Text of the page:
TURIN, Italy – The 28-year-old playboy heir to the Fiat (search) automaking fortune was improving Wednesday after a drug overdose that dealt yet another blow to the reputation of one of Italy's most famous family names.
Lapo Elkann (search), the great-great-grandson of Fiat founder Giovanni Agnelli, was taken to the hospital Tuesday after overdosing at the Turin apartment of a 53-year-old transvestite, ambulance services and city officials said.
TV talk shows and headlines in such nationwide newspapers as Corriere della Sera and La Repubblica overflowed with reports of a late-night party allegedly involving cocaine and transvestites. The apartment owner, who goes by the name of Patrizia, has given a series of interviews to Italian journalists.
Police said they found traces of cocaine, heroin and opium at the apartment, Italian media reported. Prosecutors have questioned Patrizia and two of her associates, who all denied dealing drugs at the party. No arrests have been made, according to media reports.
Doctors said Elkann hadn't suffered any brain damage. News reports Wednesday said Elkann had spoken with his family and completed tests with a psychologist after waking up from a medically induced coma.
Flowers, books and plush toys had been placed outside his hospital room by visitors.
The family has said only that Elkann's life was not endangered. Fiat Chairman Luca Cordero di Montezemolo said Wednesday that the incident would have no consequences on the company and on Elkann's position as vice president.
"My interest is that Lapo recovers soon, and returns to working with the same passion," he said.
The incident was just the latest in a series of tragedies to strike the Agnelli family, whose personal lives have fascinated Italians for decades. The family has often been compared to the royal family in Britain and the Kennedys in the United States.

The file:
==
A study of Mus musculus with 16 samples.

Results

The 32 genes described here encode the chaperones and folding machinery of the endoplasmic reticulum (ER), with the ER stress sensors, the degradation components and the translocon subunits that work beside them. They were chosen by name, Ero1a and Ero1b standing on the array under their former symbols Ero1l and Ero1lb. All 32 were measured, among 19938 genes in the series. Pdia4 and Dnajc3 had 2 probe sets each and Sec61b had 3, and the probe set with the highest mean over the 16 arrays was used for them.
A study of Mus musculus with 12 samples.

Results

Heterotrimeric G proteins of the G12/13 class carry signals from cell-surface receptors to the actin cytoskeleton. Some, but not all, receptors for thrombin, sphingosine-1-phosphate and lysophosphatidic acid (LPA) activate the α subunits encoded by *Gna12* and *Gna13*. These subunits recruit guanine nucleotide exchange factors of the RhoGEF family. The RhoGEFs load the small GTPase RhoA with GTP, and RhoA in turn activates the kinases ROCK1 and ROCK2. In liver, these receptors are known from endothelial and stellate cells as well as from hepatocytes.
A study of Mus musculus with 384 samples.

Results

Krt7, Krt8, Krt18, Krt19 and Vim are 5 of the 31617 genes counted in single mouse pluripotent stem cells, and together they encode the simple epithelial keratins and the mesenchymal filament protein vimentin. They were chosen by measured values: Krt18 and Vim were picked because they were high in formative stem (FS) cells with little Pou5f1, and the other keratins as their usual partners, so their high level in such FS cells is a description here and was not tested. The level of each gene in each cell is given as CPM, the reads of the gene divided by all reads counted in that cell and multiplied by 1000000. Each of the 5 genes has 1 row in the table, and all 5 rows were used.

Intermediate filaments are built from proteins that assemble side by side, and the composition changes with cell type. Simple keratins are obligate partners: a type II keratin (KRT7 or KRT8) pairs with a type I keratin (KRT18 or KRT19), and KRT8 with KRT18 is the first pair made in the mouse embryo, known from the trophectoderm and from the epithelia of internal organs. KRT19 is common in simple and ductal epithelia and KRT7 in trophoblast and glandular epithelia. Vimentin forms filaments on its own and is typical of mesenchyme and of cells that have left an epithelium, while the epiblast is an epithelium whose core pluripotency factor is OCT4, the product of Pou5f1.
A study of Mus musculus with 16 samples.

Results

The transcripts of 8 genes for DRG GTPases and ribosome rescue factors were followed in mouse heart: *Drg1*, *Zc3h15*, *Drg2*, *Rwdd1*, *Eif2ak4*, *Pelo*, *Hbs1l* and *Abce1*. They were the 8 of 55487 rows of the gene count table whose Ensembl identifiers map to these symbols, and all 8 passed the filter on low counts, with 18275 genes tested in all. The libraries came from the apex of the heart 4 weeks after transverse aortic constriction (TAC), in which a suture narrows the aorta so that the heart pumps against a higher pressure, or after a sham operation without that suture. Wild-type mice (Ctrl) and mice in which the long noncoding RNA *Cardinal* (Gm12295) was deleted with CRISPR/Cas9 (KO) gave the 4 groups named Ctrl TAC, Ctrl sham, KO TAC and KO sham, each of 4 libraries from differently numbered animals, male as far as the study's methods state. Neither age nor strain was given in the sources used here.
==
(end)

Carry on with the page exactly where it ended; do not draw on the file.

Edoardo Agnelli, Elkann's uncle, died in 2000 in an apparent suicide. An elder cousin, Giovannino, who had been preparing to take over Fiat, died of cancer at age 33 in 1997.
"A new pain, a new dramatic act in the long decline of a great family," La Repubblica wrote. The conservative daily Il Giornale called Elkann "a symbol fallen into dust," a reference to his alleged cocaine use.
Giovanni Agnelli founded Fiat in 1899. His grandson, Giovanni "Gianni" Agnelli, was chairman from 1966 until his death in January 2003, and was credited with transforming the Turin automaker into a conglomerate with interests from steel to chemicals to newspapers.
Elkann's older brother, John, is vice chairman of Fiat and is being groomed to take over the auto giant, Italy's largest non-state company.
Elkann is in charge of brand promotion, a closely watched role as the carmaker tries to turn around its sagging business. The good-looking and affable bachelor has been a fixture in gossip magazines for years, with his penchant for partying and long-term relationship with actress Martina Stella.
Elkann often couples his playboy lifestyle with savvy marketing initiatives, however, appearing at parties and events dressed in flamboyant suits or in shoes and jumpers that prominently bear the Fiat logo.